The introduction of small-incision lenticule extraction (SMILE) has given refractive surgeons an additional option to choose from when selecting the best vision correction procedure for their patients. As more surgeons begin the journey toward mastering SMILE, new pearls for techniques are slowly coming to light.
The standard SMILE technique involves docking and application of VisuMax femtosecond laser (Carl Zeiss Meditec) treatment to create an intrastromal lenticule, followed by lenticule dissection and extraction. The lenticule is separated from the surrounding stroma by blunt dissection via the small side-cut incision, first in the anterior plane and then in the posterior plane. This article presents a case that highlights the crucial step of correctly identifying the planes prior to dissection and offers clues for knowing when the posterior plane has been dissected before the anterior plane.
A 23-year-old woman presented to one of my colleagues for refractive consultation. She had used soft contact lenses in the past but found them to be uncomfortable. After discussion of the options, the patient opted to undergo SMILE in both eyes, noting her active lifestyle and concern about dry eye as motivating factors.
Her manifest refraction was -3.25 -0.75 X 170° OD and -3.00 -1.00 X 180° OS, mean keratometry was 40.95 D OD and 41.50 D OS, and central corneal thickness was 490 µm OD and 495 µm OS. Her medical and ocular histories were otherwise unremarkable.
The femtosecond laser treatment for the patient’s right eye was programmed at -3.35 -0.75 X 170°. The optical zone was set at 6.0 mm with a 0.50-mm transition zone. The femtosecond laser portion of the procedure was completed without complications. The surgeon began the procedure by attempting to identify the anterior plane followed by the posterior plane. Early on, the surgeon encountered a challenge when trying to identify the posterior plane and made multiple attempts with excessive force to complete this step.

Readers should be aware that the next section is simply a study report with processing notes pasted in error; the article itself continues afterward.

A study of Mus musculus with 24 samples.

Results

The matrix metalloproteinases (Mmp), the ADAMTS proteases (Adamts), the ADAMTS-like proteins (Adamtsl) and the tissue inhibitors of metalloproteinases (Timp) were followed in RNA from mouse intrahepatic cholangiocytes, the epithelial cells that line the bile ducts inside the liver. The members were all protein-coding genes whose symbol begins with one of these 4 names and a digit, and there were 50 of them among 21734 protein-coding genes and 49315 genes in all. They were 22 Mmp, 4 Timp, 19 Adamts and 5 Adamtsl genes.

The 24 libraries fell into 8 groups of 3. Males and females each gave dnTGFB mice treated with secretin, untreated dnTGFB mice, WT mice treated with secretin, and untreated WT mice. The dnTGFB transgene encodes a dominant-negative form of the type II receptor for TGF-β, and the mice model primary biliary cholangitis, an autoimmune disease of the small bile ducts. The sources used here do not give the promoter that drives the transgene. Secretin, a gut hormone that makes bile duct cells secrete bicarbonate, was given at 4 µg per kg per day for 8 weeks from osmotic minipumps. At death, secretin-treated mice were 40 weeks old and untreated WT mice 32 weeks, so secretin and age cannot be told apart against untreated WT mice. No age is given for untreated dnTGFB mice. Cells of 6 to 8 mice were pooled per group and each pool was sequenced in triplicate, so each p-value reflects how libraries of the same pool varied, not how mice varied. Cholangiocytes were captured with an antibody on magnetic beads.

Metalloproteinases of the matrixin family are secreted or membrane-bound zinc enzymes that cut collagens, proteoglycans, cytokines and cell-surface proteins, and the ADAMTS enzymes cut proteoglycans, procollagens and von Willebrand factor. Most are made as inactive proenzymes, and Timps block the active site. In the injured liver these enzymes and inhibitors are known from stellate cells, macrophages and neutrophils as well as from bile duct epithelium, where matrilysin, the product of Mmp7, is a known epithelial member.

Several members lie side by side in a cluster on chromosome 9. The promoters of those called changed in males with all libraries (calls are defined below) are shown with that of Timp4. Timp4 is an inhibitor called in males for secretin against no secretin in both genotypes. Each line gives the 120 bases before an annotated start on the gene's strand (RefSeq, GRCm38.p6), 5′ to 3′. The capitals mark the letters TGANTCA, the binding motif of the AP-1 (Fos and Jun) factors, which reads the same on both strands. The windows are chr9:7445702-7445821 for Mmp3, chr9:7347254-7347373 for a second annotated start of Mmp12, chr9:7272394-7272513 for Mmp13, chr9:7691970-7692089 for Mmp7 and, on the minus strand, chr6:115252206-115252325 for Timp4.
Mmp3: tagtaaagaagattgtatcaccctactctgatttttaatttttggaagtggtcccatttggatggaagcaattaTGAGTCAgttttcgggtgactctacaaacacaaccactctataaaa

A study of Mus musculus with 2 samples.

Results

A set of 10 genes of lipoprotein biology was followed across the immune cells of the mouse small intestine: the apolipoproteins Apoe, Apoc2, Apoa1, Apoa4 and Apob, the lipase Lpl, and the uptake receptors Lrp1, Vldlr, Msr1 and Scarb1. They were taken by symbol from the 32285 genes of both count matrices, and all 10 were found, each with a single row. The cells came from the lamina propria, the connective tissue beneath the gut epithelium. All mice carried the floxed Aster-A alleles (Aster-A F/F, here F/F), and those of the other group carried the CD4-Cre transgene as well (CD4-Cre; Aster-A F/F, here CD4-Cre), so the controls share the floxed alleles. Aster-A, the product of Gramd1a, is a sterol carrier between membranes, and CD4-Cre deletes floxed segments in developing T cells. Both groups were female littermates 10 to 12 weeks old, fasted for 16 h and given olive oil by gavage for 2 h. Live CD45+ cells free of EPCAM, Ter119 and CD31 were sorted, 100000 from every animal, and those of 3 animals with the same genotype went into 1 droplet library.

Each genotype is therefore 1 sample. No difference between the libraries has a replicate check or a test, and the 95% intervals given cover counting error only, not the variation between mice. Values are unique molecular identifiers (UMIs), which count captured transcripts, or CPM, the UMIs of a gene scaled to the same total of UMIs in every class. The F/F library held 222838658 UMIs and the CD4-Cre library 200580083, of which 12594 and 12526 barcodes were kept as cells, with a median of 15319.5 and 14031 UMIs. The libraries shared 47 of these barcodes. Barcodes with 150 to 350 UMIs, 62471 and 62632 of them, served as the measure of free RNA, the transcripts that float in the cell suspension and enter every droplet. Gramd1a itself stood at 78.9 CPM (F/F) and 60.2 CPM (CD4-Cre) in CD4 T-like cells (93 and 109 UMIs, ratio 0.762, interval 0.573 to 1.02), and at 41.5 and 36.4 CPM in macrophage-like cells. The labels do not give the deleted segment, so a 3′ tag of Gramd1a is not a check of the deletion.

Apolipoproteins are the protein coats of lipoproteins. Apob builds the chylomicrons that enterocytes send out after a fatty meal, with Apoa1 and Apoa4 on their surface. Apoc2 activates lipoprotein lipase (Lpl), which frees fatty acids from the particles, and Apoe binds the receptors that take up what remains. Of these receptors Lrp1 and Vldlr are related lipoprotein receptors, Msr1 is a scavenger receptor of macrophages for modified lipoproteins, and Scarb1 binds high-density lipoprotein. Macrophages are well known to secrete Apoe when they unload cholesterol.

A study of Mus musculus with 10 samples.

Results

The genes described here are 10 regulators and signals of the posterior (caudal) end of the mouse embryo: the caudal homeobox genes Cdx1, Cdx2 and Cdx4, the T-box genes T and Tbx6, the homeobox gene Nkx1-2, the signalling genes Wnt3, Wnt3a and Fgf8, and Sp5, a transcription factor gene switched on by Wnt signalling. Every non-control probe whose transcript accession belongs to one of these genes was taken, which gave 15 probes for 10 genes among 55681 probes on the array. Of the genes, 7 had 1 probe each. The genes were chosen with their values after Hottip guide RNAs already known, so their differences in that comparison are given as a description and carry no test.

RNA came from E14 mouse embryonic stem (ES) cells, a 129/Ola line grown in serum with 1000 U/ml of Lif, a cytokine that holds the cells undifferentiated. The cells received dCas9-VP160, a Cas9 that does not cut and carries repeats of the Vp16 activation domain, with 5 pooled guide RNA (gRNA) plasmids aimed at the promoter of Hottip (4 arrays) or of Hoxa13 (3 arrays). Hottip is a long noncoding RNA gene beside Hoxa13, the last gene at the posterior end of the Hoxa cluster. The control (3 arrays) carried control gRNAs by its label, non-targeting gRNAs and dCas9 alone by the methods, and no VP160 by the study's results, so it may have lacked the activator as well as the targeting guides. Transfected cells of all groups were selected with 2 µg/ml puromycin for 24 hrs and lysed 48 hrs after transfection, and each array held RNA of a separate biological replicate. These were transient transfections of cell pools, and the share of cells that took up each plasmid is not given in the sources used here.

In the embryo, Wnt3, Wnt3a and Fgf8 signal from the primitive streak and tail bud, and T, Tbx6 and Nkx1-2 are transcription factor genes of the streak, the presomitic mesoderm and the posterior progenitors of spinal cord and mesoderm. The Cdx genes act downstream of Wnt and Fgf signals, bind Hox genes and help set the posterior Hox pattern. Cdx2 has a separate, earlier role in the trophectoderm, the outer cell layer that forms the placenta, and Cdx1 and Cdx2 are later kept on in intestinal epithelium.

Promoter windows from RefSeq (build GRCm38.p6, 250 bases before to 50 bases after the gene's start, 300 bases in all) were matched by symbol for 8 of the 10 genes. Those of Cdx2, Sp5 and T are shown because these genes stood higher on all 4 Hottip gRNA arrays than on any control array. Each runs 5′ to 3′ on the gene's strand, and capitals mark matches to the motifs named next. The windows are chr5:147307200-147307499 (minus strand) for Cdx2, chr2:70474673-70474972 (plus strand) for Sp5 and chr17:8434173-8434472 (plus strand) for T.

Eventually, the surgeon felt that the planes had been identified and proceeded to try to dissect the anterior plane, again making multiple attempts. It initially appeared that the surgeon was able to successfully dissect both planes, but when he attempted to remove the lenticule he could not retrieve it. The procedure on the right eye was aborted at that time, and the left eye was successfully completed during the same session.
After reviewing the video footage, the surgeon was able to identify that the anterior plane was never dissected. Instead, the posterior plane was identified and dissected first. Having realized his error, the surgeon reoperated 1 week later and, to the delight of the patient, was able to retrieve the lenticule by successfully dissecting the anterior plane. As shown in the video above, during lenticule dissection surgeons can take note of bubbles in the anterior plane and the double ring sign to ascertain whether they are in the anterior or posterior plane.
This case highlights how important it is to correctly identify the planes prior to dissection. My main takeaway from this surgeon’s experience is to pay particular attention to turning the Sinskey hook anteriorly when moving from the cap edge over the anterior lenticule in order to successfully identify the anterior plane first.